After a slow first five months, I'm back to blogging in earnest. In the forthcoming few months I plan to keep on tracking the blooming of wildflowers, the activities of bugs and reptiles and any other critters I'm quick enough or lucky enough to photograph, and to comment on ecological relationships. Since there is an increasing sense of ecological crisis among many people and more vigorous denial of such on the part of others, I will inevitably comment on the social and political dimensions of survival as I see them.
I am still an adjunct instructor in the English Department at Feather River College, but time permitting, I am available for hire as a nature guide in the region in and around Plumas County. A brochure describing my usual kinds of natural history adventures is in development. Email me c/o email@example.com with your mailing address and a statement of interests, and I'll send you a rough draft.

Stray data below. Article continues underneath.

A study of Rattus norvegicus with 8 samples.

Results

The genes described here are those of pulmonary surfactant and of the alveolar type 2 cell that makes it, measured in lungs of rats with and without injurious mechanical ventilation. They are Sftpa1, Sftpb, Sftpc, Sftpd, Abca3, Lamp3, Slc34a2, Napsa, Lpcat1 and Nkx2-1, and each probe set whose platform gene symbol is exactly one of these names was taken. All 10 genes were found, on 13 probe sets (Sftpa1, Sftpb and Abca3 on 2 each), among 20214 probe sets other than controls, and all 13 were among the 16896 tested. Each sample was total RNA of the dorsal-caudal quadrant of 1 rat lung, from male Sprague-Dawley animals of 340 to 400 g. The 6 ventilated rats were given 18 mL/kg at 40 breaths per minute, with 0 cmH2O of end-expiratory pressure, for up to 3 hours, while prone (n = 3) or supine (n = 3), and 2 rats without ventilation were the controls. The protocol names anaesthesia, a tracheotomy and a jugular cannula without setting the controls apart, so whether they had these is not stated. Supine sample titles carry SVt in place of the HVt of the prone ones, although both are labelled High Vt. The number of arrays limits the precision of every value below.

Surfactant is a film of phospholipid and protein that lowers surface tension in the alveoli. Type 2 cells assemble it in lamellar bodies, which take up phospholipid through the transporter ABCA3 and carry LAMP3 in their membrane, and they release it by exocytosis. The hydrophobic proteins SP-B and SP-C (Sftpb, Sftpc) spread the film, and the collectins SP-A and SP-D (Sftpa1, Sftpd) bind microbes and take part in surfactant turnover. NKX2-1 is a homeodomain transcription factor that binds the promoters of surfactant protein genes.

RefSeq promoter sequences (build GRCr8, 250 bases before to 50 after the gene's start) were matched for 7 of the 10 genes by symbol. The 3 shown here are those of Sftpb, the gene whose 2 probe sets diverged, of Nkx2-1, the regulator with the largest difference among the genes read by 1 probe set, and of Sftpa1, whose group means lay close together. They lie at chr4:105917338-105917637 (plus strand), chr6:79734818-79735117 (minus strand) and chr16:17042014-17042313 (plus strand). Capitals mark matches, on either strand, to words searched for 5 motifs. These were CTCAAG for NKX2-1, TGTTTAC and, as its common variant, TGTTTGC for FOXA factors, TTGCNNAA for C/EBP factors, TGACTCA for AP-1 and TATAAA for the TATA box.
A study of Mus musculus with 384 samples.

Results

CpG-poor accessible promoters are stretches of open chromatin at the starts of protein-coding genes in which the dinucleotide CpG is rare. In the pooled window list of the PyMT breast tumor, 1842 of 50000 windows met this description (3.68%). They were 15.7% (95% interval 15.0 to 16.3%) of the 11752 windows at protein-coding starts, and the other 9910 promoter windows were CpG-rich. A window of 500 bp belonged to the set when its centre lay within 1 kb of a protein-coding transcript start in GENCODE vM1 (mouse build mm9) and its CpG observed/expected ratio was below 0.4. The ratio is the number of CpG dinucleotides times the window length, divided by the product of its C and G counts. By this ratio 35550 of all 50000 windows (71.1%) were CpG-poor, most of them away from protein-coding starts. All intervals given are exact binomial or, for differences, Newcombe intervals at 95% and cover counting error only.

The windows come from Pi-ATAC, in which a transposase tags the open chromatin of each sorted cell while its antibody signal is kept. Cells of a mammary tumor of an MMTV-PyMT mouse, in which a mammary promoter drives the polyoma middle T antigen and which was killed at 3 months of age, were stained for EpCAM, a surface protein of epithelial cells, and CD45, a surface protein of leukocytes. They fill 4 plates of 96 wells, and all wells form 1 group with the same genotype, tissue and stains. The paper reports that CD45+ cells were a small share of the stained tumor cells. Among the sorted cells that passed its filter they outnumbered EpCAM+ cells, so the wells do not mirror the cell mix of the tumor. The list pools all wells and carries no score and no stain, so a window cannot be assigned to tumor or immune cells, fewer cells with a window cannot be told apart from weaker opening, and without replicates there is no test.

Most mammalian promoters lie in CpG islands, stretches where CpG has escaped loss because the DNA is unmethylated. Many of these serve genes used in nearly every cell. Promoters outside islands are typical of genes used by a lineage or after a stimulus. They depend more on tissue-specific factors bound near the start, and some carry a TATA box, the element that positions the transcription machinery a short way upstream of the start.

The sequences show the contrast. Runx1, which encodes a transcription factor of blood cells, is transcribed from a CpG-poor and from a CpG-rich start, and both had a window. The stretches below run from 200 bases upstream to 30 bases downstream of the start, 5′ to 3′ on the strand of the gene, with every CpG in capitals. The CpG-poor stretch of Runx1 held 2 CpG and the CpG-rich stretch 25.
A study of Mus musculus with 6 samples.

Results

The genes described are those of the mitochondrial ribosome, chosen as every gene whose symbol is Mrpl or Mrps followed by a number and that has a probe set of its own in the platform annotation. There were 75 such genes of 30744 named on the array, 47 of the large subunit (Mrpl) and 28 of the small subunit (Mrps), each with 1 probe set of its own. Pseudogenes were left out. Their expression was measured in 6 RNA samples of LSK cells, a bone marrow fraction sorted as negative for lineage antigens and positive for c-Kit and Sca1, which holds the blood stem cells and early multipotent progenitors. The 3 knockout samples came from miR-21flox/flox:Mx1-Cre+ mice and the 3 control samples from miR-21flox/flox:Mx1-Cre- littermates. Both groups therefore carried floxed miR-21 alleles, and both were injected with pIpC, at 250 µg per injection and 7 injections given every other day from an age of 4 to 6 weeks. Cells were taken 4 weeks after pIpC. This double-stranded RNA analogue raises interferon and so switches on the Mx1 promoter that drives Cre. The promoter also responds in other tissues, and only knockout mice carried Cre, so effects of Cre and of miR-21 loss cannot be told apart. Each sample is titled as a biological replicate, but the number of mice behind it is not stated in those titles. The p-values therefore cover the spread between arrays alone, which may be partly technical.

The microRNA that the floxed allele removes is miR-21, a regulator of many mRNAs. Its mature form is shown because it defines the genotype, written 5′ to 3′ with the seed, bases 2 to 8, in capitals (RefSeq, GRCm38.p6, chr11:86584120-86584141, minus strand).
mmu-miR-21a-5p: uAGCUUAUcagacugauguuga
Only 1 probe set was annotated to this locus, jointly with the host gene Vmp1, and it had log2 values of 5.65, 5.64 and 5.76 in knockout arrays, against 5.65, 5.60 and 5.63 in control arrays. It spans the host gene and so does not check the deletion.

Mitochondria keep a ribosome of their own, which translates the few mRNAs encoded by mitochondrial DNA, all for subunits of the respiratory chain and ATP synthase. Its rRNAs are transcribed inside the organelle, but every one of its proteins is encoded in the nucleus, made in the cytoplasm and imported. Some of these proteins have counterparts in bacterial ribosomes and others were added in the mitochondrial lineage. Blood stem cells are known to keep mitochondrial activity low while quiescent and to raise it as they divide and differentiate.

I have been teaching since 1965 and have recently joined the English Department as an Associate Faculty member at Feather River College. Recently taught Nature Literature in America and am currently teaching Interpersonal Communication and Basic Reading and Writing.
Ever since I was a first-grader living on 3 acres in Massachusetts, I've been tipping over small rocks, pieces of bark, and small logs to see what might be living underneath. This morning, in the vicinity of Bear Creek Falls, the ground was still frozen for the most part, but there were a few signs of animal life - a slow-moving banana slug, a salamander, and lots of ladybugs. Just as we were about to leave the area, I saw one more tempting log. When I tipped it over, Voila! A nice-looking Black Widow Spider. It was nice to be with a few people who like spiders.